Introduction of NCAA President Mark Emmert at the Annual Meeting of the National Association of Colleges and Universities
Colleagues, good afternoon. I have had the good fortune of serving as president of Whitman College in Washington State for the past 6 years. For those of you who don't know Whitman well, it is the premier liberal arts college that uniquely combines academic rigor with a distinctively Northwest understated, friendly and collaborative culture and a very engaging campus community.
Prior to my appointment at Whitman, I served as a professor and then academic dean at the University of Washington. In my last year at Washington, I had the privilege of working closely with our guest, Mark Emmert, as the then new president of the university.
As you know from your materials, he has served in faculty and administrative positions at great institutions and in each of his appointments, has led major initiatives in advancing academic, athletic and campus programs. I will only add that despite attending the University of Washington as undergraduates in the same era, Mark and I came to know each other as college administrators. In my brief introductory remarks this afternoon, however, I will not delve into his resume of academic positions or his many achievements.
Today, I want you to know Mark from a different perspective, the perspective I developed as I sat in weekly meetings with him and other administrators for over a year in discussions about the University of Washington and its future. My remarks today focus on Mark's values, his habits of work and his interest in and capacity for navigating the stormy seas of higher education. I will offer you my images and impressions of Mark and finally express my gratitude for his leadership of the NCAA.
My first impression of Mark actually developed before he became the University of Washington's president. As the then president of Louisiana State University, Mark celebrated the Division I National Championship in football with his colleagues at LSU in 2004 by publishing an opinion piece in the NY Times in which he extolled not the athletic success of LSU but rather its academic success. His piece conveyed a very clear and abiding commitment to academic achievement in higher education, the discovery of new knowledge in research and the quality of learning experiences the university offered LSU students. All of these are attributes that many might easily overlook in the joyous frenzy of celebrating a national championship.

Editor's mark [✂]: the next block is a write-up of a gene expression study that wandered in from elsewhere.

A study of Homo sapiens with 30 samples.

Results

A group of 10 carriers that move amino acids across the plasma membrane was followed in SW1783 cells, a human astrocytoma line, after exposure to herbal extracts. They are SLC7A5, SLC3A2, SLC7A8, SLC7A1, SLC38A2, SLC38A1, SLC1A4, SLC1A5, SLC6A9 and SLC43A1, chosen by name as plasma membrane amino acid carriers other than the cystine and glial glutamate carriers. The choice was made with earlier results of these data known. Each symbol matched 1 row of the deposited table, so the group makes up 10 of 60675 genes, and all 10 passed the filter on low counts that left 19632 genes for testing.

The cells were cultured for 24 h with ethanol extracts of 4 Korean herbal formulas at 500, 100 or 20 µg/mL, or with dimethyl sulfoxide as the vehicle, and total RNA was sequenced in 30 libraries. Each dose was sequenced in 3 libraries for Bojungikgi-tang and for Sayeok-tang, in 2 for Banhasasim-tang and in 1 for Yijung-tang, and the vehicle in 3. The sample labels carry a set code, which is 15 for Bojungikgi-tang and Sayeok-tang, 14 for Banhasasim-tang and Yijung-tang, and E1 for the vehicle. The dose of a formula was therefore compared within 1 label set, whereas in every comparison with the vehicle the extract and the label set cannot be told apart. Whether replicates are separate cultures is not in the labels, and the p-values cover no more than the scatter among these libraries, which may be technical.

Upon arriving at Washington, he embraced many challenges. The most difficult of these was leading the university through a crucible of battles with the state legislature for much needed funding during a period of significant fiscal decline. His demeanor through this period was astonishingly calm, almost fearless. He listened carefully to his advisors, took action decisively, and more often than not returned from the state capital, in the words of the ancient Spartans, with his shield — not on it.
Mark's continued effectiveness over the course of his career may in large part be the result of his very disarming, easygoing personal style — he engages all with whom he speaks and can speak comfortably with anyone. He has an uncanny ability to put people at ease, even when confronting the most difficult people on the most difficult issues.
Finally, even amidst difficult challenges Mark appreciates and exercises humor. As I was considering the presidency of Whitman, I earnestly and somewhat naively asked Mark how to gauge the success of a college president, particularly as it relates to athletics: – what are the keys? How could I become a successful president at a small liberal arts college? Following a pause, he offered this sage advice:
As president, your primary task is to keep the faculty, students and alumni happy. You do this in the following ways: You keep the faculty happy by providing ample parking; you keep the students happy by providing ample opportunities for romance, and you keep the alumni happy with a successful football program. By these standards Mark I am proud to report that I must be doing a good job. At Whitman, parking is free and unlimited, fully one third of all Whitman alumni are married to other Whitman alumni and our football team has not lost a game since 1977. Whitman eliminated football as a varsity sport in 1977.
Thank you for joining us Mark. We celebrate your leadership of the NCAA and are delighted to hear your remarks about the challenges and the opportunities that you face and we each extend our helping hands as we wish you great success.
Colleagues. Please welcome, the president of the NCAA, my friend and fellow Washington Husky, Mark Emmert.